The Biden administration aims to boost U.S.-based production of pharmaceuticals and their ingredients, among other initiatives looking to shore up the supply chain, according to a new report.
HHS, the Defense Department and other agencies should increase their funding related to producing active pharmaceutical ingredients in critical drugs, the White House recommended in its review of supply chain disruptions caused or exacerbated by the COVID-19 pandemic. HHS should also track production by facility and where API is sourced to improve transparency.
Until the pandemic hit, there was overconfidence in existing supply chains, said Barbara Binzak Blumenfeld, shareholder for Buchanan Ingersoll & Rooney.
"But we saw how quickly those supply chains can be impacted when there is overdependence on one, or only a few, suppliers for a particular product or ingredient," she said. "The administration's efforts to identify those drugs and APIs that are critical to the overall health of Americans and to work towards onshoring their manufacturing is a laudable goal."
A public-private consortium should initially focus on stabilizing the supply of up to 100 drugs from the Food and Drug Administration's essential medicine list, the White House said. In addition to the $60 million allocated in the $1.9 trillion federal relief bill to develop technologies to bolster domestic API production, the U.S. should work with its allies to reinforce the global supply chain, according to the report.
COVID-19 exposed vulnerabilities throughout the healthcare industry, particularly in how equipment and drugs are sourced. Some health systems have responded by building out local supply chains for personal protective equipment, stockpiling goods and other ways to reduce their reliance on overseas manufacturers. But it remains to be seen if those efforts will persist over the long term.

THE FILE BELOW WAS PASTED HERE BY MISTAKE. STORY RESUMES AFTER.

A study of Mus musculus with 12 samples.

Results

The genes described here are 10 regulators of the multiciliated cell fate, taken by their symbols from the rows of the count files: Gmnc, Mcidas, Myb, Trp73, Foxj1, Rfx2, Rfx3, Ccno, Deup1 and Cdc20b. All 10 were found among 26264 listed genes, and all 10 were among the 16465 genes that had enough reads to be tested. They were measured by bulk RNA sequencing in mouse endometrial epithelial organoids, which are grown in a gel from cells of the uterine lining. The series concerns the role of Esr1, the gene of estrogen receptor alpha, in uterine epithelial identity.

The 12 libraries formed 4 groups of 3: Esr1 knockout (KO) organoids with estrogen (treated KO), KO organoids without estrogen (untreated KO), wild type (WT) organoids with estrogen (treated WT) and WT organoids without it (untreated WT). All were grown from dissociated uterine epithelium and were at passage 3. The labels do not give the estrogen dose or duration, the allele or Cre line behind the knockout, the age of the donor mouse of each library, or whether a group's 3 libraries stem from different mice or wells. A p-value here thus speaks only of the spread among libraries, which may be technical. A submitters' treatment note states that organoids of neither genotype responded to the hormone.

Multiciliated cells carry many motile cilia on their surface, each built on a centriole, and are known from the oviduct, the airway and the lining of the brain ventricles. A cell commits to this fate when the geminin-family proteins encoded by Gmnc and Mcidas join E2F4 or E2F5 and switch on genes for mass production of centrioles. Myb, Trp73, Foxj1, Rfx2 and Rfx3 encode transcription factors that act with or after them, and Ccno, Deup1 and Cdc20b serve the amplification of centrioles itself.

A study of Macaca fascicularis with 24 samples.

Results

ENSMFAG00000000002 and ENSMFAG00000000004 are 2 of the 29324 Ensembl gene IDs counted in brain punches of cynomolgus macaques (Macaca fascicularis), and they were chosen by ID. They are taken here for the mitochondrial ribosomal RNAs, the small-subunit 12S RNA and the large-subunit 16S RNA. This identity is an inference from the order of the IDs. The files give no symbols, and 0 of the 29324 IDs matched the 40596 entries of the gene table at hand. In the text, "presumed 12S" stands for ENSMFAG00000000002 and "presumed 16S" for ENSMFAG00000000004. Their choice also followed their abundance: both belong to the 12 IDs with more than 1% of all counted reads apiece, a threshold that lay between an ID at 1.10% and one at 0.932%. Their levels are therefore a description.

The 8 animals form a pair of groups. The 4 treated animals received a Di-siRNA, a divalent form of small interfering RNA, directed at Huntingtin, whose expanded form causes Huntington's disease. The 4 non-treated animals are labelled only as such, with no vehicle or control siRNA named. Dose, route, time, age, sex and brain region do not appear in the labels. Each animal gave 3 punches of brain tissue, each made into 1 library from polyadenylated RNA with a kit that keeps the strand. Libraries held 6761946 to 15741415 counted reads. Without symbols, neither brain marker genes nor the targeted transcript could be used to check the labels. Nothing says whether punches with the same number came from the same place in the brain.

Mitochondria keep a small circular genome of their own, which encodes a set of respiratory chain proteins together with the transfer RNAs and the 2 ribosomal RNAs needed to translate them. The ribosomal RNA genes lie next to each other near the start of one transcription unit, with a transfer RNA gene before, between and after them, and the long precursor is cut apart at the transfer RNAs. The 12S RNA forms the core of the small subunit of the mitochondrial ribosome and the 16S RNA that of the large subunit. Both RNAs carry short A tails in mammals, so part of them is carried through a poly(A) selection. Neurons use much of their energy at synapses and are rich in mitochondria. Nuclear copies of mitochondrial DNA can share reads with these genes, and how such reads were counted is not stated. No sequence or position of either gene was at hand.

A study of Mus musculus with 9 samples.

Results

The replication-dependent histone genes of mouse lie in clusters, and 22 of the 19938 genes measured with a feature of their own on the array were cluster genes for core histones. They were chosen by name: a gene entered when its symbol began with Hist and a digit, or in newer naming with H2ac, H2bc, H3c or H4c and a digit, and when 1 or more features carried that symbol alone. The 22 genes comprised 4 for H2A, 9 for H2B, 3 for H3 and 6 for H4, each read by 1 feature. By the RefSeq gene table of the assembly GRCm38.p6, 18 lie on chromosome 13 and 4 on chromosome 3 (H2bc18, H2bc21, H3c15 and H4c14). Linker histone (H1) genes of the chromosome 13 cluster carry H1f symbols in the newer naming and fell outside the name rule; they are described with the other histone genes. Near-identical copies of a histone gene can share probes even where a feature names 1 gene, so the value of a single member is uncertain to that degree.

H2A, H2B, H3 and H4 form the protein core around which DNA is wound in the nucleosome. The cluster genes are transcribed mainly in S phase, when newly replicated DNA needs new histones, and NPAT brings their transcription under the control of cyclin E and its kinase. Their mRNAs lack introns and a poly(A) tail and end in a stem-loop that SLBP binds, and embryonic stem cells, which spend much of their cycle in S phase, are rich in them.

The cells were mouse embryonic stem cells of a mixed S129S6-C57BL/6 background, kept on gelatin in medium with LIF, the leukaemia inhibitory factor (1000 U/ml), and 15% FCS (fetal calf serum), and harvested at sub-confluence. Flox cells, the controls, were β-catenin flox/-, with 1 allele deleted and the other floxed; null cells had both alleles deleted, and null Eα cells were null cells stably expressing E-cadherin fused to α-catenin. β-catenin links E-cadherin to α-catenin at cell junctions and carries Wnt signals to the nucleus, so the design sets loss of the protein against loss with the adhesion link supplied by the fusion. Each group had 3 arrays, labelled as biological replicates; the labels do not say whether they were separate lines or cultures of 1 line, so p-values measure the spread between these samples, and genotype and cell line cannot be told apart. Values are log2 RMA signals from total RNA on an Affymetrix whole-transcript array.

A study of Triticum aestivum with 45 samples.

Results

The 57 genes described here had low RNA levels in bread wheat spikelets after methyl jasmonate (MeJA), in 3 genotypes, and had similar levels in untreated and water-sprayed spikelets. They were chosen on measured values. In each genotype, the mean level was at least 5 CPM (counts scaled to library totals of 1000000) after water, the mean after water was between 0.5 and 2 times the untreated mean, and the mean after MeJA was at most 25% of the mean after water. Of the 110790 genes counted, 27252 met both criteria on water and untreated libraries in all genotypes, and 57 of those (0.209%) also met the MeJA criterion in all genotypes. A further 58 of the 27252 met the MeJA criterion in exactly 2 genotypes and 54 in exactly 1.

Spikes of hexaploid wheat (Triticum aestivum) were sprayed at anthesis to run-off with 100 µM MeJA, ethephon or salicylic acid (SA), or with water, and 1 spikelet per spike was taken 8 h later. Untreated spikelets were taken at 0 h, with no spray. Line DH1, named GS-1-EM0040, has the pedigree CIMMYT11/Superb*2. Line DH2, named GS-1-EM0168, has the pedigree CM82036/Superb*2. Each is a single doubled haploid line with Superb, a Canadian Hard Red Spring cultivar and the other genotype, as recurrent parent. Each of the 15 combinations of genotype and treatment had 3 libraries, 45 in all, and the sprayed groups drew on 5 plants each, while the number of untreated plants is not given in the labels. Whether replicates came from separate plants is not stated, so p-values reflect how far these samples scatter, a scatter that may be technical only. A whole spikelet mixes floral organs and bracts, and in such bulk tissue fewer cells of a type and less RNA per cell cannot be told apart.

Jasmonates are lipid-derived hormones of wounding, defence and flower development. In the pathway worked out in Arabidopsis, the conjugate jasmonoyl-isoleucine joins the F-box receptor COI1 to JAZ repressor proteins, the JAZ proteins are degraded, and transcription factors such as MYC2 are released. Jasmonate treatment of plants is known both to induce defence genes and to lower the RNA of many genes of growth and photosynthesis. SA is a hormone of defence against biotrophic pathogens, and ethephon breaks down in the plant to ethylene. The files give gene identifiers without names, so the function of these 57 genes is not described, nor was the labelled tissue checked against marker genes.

While improving supply chain resilience is of national and global importance, merely focusing on reshoring manufacturing is likely to prove unsustainable when finances are strained, said David Dobrzykowski, associate professor of supply chain management at the University of Arkansas.
"If the federal government simply awards a large pharmaceutical contract to one or two domestic manufacturers, it very well could lead to inefficiencies, higher costs and potentially inflexibility in supply," he said. "Reshoring would likely produce the most favorable results, especially in the long-term, if the government develops incentives for domestic manufacturers to collaborate and innovate to develop responsive approaches."
There are minimal incentives to manufacture less profitable drugs and an underinvestment in quality management, both in the U.S. and abroad. Around 87% of generic API facilities are located overseas, which has reduced costs but also caused persistent shortages of widely used medicines, according to the report.
The U.S. imported $1.8 billion in APIs from China and $582 million from India, the second and eighth highest sources, respectively. Regarding finished products, the U.S. imported $7.9 billion from India and $1.4 billion from China, the fifth and 16th largest exporters.
Still, just making something in the U.S. doesn't ensure that it's high quality or that it will eliminate shortages, said Erin Fox, senior pharmacy director at University of Utah Health. Most of the generic injectable shortages impacting hospitals are already made in the U.S., she noted.
"However, the report makes a good case for onshoring some items. Especially since FDA knows that foreign drug manufacturers don't register their facilities, which really limits FDA's ability to provide oversight," Fox said. "I think targeting a few of the most critical products makes sense, but what makes them critical?"
It doesn't make sense to target something that is clinically essential but already has a stable supply chain, Fox said. The U.S. should triage products that are sourced from a single API or manufacturer, difficult to make or have long histories of supply issues, she said.
Civica Rx, which is a hospital-led effort to, in part, onshore more production of generic drugs, applauded the report. It noted the recommendation to align reimbursement and procurement policy to bolster domestic manufacturing capacity and the proposal to develop quality maturity ratings for drugs.
Both the Association for Accessible Medicines, which represents generic drug manufacturers, and the American Pharmacists Association supported the report, adding that the U.S. can play a larger role in the global production of essential medicines.
"COVID has shown us the fragility of the drug supply and the administration's new steps will strengthen the integrity and robustness of drug availability in the U.S.," the pharmacists association said in prepared remarks.